The Week in Books 2009, No. 26

I enjoy reading cookbooks rather than just surfing them for recipes, and Nigella Lawson’s How to Be a Domestic Goddess: Baking and the Art of Comfort Cooking was an entertaining read. In the preface, she writes that her cookbook is for those times when “we don’t want to feel like a postmodern, postfeminist, overstretched woman but, rather, a domestic goddess, trailing nutmeggy fumes of baking pie in our languorous wake.” I don’t know about you, but I am all about enhancing my languorous wake, so I marked several of the recipes to try out, including Snickerdoodles and a very substantial looking apple pie with a cheddar crust.

Updated to add: I tried making the pie with the kids. I was intrigued by the fact that she had the pie bake in a springform pan, but I probably won’t try that again. It just didn’t come out that great and the crust was not anywhere near as good as the recipe I usually use. Oh well, it was still a fun book to read!

I love Amy Butler’s fabric designs, and someday maybe I will actually buy some to sew with. In the meantime I will stick to pillowcases I already own and cheap calico. :) I enjoyed looking at two Amy Butler books this week – the first of which, Midwest Modern: A Fresh Design Spirit for the Modern Lifestyle, includes pictures of her house, her garden, thoughts on what inspires her when she’s designing fabric, and so on. I especially enjoyed the parts that showed real flowers that inspired particular prints.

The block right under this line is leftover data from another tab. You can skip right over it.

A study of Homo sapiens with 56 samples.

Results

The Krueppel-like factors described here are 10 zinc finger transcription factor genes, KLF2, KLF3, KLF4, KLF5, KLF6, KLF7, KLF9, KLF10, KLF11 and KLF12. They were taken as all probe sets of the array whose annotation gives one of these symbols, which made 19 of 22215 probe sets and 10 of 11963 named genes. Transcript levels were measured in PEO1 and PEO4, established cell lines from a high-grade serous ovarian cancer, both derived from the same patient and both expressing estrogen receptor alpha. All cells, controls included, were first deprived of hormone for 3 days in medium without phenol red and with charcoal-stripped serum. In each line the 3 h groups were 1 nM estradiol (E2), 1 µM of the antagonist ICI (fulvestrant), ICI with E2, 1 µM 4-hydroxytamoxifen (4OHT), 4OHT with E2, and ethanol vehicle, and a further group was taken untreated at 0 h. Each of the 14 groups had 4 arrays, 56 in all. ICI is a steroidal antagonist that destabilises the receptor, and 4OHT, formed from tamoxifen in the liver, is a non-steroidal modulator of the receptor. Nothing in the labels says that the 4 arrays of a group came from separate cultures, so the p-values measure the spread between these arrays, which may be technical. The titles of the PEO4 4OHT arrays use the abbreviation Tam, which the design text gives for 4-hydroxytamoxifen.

The next Amy Butler book I read was Little Stitches, a book of patterns and inspiration for making things for babies and mothers. I enjoyed the pictures and ideas, but didn’t come away feeling like I needed to make any of the projects. Still, if you are in need of sewing inspiration for things like nursery decor, children’s clothes, toys, and diaper bags, you might like this book. The book includes an envelope of patterns for all the projects, which would be very helpful if you did intend to make the projects.